A pilot trialling the use of resident ambassadors in an aged care setting has shown reduced incidences of violence and aggression against care workers.
The idea for this pilot came from a working group from Queensland’s Health and Community Services Industry Sector Standing Committee.
In partnership with WorkCover Queensland, Churches of Christ at its Crows’ Nest Residential Aged Care Facility conducted the trial in early 2022, drawing specifically on the experience of care and clinical staff employed in the facility’s Memory Support Unit. The pilot was aimed at addressing unmet needs and challenging behaviours of residents, which have been found to contribute to incidents of violence and aggression against staff in care settings.
The project involved upskilling four staff with strong interpersonal skills as well as prior experience of the unit to take on the new role of Resident Experience Ambassadors. By learning to identify resident triggers, how to identify unmet needs and apply appropriate interventions, Ambassadors became equipped to, in a worker’s words, “de-escalate behaviours before they got worse” and potentially cause injury to unit staff.
Key to the success of the pilot was plain clothes. When rostered specifically for an Ambassador shift, staff wore casual clothes instead of their uniforms. This immediately signalled they weren’t on the floor to deliver clinical or personal care but assist as “extra eyes on the floor and someone specifically for understanding and dealing with behaviours”, as one worker put it.
As a result, “the residents were fed quickly and they were looked after better.”
On the surface, the interventions made by the Resident Experience Ambassadors appear simple. Ambassadors set about discovering the life stories of residents and developed resources based on these, as well as drawing on behaviour logs to understand patterns of behaviour and any potential triggers. By seeking to understand the residents better in a biopsychosocial sense and apply the right diversion strategies at the right time, care staff reported they felt safer and more supported at work.
In fact, the pilot found that while Resident Experience Ambassadors were rostered on and active, there were zero incidents of violence or aggression reported against staff.
“Residents’ behaviours were managed by ambassadors, allowing more time for staff to complete work.”
Care and clinical staff could get on with their jobs and focus on providing quality of care, instead of having the additional and challenging task of managing aggressive or violent behaviour.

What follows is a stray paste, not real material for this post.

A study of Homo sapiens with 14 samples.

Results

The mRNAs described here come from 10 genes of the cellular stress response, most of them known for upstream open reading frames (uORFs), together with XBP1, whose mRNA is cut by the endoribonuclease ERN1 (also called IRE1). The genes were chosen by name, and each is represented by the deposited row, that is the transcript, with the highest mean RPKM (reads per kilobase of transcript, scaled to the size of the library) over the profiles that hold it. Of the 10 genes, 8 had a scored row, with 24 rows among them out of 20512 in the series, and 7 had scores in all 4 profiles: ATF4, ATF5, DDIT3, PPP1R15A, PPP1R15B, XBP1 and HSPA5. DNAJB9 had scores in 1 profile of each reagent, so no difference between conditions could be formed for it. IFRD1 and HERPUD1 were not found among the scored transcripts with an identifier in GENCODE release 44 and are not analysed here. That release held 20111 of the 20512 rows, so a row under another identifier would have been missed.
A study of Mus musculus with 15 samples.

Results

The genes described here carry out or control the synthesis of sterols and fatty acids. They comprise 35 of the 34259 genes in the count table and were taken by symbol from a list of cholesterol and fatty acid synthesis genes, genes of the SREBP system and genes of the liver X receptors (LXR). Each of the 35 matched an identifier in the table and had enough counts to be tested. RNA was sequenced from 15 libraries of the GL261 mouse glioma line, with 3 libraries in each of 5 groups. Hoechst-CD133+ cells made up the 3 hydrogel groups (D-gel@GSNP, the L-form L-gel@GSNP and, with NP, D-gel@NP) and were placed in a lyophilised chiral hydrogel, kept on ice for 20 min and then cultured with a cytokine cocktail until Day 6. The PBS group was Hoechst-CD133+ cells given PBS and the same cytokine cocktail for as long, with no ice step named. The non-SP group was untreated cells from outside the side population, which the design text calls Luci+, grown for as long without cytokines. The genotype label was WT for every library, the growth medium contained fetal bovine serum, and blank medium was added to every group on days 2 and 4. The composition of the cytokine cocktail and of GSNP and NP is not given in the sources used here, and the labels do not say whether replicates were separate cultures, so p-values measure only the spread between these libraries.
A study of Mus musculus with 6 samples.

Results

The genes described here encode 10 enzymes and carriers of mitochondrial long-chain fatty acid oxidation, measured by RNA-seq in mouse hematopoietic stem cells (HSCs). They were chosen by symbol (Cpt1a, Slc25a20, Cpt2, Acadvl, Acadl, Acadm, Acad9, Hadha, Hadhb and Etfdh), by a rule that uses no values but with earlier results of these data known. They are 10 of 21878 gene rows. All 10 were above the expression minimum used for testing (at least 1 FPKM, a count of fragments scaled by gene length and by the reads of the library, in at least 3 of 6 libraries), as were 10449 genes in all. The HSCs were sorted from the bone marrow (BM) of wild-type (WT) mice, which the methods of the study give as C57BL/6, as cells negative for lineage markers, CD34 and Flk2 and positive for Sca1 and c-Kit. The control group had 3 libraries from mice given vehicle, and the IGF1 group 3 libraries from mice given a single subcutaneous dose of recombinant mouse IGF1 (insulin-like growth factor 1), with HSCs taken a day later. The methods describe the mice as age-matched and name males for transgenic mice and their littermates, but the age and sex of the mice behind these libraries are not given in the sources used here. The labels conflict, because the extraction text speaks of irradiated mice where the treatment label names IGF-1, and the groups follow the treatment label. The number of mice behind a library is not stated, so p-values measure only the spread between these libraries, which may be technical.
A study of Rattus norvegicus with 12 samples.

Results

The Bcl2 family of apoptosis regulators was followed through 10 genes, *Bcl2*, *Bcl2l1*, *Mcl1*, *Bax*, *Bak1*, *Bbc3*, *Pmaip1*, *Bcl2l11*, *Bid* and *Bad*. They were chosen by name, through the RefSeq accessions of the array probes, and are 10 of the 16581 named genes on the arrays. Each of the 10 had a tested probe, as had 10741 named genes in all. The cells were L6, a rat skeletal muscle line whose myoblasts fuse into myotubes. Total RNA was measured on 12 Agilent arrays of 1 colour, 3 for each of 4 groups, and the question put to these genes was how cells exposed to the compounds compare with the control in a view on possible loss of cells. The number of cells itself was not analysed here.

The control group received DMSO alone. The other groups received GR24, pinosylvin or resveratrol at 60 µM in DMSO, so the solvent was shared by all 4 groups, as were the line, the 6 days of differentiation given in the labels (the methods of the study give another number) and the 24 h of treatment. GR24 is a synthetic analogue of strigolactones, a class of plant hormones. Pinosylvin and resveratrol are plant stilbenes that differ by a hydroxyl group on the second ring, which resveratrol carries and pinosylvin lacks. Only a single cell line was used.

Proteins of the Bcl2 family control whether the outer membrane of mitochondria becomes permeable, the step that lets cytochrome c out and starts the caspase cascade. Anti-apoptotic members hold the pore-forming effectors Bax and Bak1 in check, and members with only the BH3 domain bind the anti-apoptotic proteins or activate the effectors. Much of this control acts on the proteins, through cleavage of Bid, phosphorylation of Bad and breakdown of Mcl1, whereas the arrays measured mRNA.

The reduced workload, increased role control and increased support, all known to mitigate psychosocial hazards that can cause psychological or physical injury, resulted in all Memory Unit staff reporting they would like the work of the Ambassadors to continue beyond the pilot.
In fact, unit workers suggested Ambassadors should be rostered at all times and especially at peak periods such as morning or afternoon shifts and during mealtimes, as well as when new residents arrive, to support their entry to the unit.
It’s clear from the pilot that by focusing on staff health and safety, as well as delivering quality of care for residents through introducing a specialised staffing resource, there are benefits for workers and their employers.
The pilot team acknowledge that while it’s still early days and while the Ambassador role is one part of a broader system managing the risk of occupational violence or aggression, there remain some promising takeaways for trialling this initiative in other aged care or residential settings.
In particular, the trail found that the training delivered was fit for purpose. It also found that suitable Resident Experience Ambassadors are those with clinical or care experience in disability, aged care, healthcare and the mental health sectors, yet also possess excellent interpersonal skills. In addition, Ambassadors should wear plain clothing to distinguish their role from care or clinical staff. This improved de-escalation outcomes, compared to uniformed staff applying the same or similar behaviour management techniques.
Most importantly, the presence of a Resident Experience Ambassador on shifts and their role during this pilot led to nil work health and safety incidents. This meant there weren’t any lost time or work injury claims, during this period at this facility.
Being proactive in this way and in the words of a staff member involved in the pilot, “intervening before incidents actually happen” has been a win for everyone involved.
In partnership with WorkCover Queensland, as part of the Injury Risk Reduction Initiatives (IRRI), this pilot was conducted from March to May 2022 on site at The Cooinda wing, a memory support unit within the Churches of Christ (CofC) Residential Aged Care Facility (RAC), Crows Nest, Queensland.